UNAIDS applauds Mongolia for removing restrictions on entry, stay and residence for people living with HIV
GENEVA, 1 February 2013 - The United Nations Joint Programme on HIV/AIDS
(UNAIDS) welcomes the recent law reforms in Mongolia that have removed all travel restrictions and other
discriminatory provisions for people living with HIV. The reforms which were passed by Mongolia's
Parliament in mid-December of last year took effect on 15 January 2013.
The Law on Prevention of Human Immunodeficiency Virus Infection and Acquired Immune Deficiency
Syndrome removes all HIV-related restrictions on entry, stay and residence. Foreigners applying for visas to
Mongolia are no longer required to disclose or provide documentation of HIV status.
"I commend Mongolia for taking this bold step and I hope this will encourage other countries to
follow their example and move the world towards zero HIV-related stigma and discrimination," said Michel
Sidibé, UNAIDS Executive Director.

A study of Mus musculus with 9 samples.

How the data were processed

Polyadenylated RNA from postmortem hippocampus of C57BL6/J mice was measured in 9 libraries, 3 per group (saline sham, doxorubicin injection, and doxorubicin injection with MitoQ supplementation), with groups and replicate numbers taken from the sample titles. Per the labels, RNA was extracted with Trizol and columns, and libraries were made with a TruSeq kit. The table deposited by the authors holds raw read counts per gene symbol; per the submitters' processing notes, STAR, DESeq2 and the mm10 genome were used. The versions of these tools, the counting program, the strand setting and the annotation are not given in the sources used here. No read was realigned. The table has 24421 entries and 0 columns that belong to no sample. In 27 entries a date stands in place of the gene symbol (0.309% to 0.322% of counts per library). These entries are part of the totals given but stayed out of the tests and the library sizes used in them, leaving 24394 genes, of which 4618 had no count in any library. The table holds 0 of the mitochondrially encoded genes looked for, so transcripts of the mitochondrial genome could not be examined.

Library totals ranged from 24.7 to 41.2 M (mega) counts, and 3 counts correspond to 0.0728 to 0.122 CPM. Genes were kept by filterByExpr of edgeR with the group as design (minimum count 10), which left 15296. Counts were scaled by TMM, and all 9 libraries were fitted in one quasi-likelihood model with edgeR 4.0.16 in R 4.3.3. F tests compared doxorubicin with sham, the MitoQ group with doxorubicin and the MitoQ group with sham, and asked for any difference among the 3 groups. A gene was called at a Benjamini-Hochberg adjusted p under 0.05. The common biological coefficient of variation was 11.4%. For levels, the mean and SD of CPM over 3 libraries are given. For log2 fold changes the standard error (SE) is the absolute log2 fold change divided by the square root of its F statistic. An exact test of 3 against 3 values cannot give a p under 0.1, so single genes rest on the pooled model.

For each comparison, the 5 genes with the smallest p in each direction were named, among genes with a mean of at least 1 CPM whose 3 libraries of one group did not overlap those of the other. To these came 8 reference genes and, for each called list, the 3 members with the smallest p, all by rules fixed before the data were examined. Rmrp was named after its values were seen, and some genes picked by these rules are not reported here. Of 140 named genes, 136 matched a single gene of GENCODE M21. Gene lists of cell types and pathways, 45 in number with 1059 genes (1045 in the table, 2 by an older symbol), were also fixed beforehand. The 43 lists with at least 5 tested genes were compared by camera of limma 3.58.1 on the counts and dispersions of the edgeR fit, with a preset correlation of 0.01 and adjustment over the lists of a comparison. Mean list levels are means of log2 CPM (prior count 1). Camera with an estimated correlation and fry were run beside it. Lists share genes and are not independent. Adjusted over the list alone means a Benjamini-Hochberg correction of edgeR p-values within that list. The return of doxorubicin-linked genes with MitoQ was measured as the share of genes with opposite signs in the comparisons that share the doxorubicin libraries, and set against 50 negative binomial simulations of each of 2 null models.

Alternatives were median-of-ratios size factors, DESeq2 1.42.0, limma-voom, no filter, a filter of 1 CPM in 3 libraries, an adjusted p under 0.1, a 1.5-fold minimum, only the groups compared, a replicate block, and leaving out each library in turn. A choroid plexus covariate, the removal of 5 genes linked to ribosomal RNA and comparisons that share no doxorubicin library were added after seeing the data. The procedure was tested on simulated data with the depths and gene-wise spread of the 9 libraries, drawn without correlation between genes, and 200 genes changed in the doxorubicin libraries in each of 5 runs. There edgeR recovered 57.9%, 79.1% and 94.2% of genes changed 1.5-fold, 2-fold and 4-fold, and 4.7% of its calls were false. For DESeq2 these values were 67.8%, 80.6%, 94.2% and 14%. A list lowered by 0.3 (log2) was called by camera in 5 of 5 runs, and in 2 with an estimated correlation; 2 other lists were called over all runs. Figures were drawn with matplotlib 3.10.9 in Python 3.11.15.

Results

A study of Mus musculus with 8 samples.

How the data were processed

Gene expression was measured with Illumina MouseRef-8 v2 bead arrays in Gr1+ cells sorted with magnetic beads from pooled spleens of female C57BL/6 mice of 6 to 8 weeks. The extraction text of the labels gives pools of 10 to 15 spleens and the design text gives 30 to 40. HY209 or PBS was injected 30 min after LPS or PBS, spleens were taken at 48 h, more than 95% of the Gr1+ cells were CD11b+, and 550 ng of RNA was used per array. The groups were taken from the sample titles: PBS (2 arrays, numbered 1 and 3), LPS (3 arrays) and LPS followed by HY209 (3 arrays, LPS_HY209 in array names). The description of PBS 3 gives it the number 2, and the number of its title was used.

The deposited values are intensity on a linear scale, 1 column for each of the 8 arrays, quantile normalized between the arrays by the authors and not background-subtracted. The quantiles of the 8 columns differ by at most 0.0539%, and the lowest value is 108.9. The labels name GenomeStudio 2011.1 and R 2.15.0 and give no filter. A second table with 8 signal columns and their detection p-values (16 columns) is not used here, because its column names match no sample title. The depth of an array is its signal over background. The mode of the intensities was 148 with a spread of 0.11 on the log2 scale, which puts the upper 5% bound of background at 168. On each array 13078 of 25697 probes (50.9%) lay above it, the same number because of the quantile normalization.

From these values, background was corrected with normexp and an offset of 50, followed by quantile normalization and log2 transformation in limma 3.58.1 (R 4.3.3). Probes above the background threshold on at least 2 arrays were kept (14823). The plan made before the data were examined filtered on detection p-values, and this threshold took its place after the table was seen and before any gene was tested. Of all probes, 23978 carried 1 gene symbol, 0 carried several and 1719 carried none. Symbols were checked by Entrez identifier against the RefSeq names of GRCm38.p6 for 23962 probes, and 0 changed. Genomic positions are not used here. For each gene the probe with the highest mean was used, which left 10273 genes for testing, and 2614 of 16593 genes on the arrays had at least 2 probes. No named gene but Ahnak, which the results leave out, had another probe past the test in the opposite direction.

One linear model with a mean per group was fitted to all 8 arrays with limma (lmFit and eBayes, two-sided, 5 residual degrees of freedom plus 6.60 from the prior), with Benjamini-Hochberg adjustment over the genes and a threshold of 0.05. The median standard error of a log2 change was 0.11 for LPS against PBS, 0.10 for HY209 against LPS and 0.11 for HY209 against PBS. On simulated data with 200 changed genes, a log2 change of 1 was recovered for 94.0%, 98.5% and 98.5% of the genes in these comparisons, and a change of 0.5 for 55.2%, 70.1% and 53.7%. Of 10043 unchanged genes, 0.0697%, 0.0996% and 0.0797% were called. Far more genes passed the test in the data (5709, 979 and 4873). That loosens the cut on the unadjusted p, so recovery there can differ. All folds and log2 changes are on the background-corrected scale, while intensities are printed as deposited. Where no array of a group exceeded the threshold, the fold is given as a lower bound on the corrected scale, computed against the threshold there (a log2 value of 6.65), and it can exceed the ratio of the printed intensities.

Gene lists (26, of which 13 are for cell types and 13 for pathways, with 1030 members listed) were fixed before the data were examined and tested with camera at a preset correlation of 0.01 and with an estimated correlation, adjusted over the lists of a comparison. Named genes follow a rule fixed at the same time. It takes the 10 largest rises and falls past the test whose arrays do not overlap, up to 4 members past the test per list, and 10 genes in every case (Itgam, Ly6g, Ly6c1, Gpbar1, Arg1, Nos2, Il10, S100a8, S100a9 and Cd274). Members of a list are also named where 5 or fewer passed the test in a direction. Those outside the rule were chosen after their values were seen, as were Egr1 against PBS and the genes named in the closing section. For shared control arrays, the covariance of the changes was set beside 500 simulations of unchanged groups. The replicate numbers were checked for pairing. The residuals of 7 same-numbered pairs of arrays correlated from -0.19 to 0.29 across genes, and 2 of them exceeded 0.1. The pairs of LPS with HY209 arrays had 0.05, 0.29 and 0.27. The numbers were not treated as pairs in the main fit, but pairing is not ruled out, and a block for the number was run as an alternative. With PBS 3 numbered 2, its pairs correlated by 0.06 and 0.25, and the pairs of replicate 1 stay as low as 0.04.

UNAIDS advocates for the right to freedom of movement-regardless of HIV status. There is no
evidence to suggest that restrictions on the entry, stay or residence of people living with HIV protect
Mongolia's reforms also removed employment restrictions that prevented people living with
HIV from undertaking certain jobs, including in the food industry. The new law has also encouraged the
creation of a multi-sectorial body comprised of government, civil society and private sector
representatives to help put in place the reforms.
With the removal of Mongolia's restrictions, UNAIDS counts 44 countries, territories, and areas
that continue to impose some form of restriction on the entry, stay and residence of people living with HIV
based on their HIV status. There are five countries with a complete ban on the entry and stay of people
living with HIV and five more countries deny visas even for short-term stays. Nineteen countries
deport individuals once their HIV-positive status is discovered.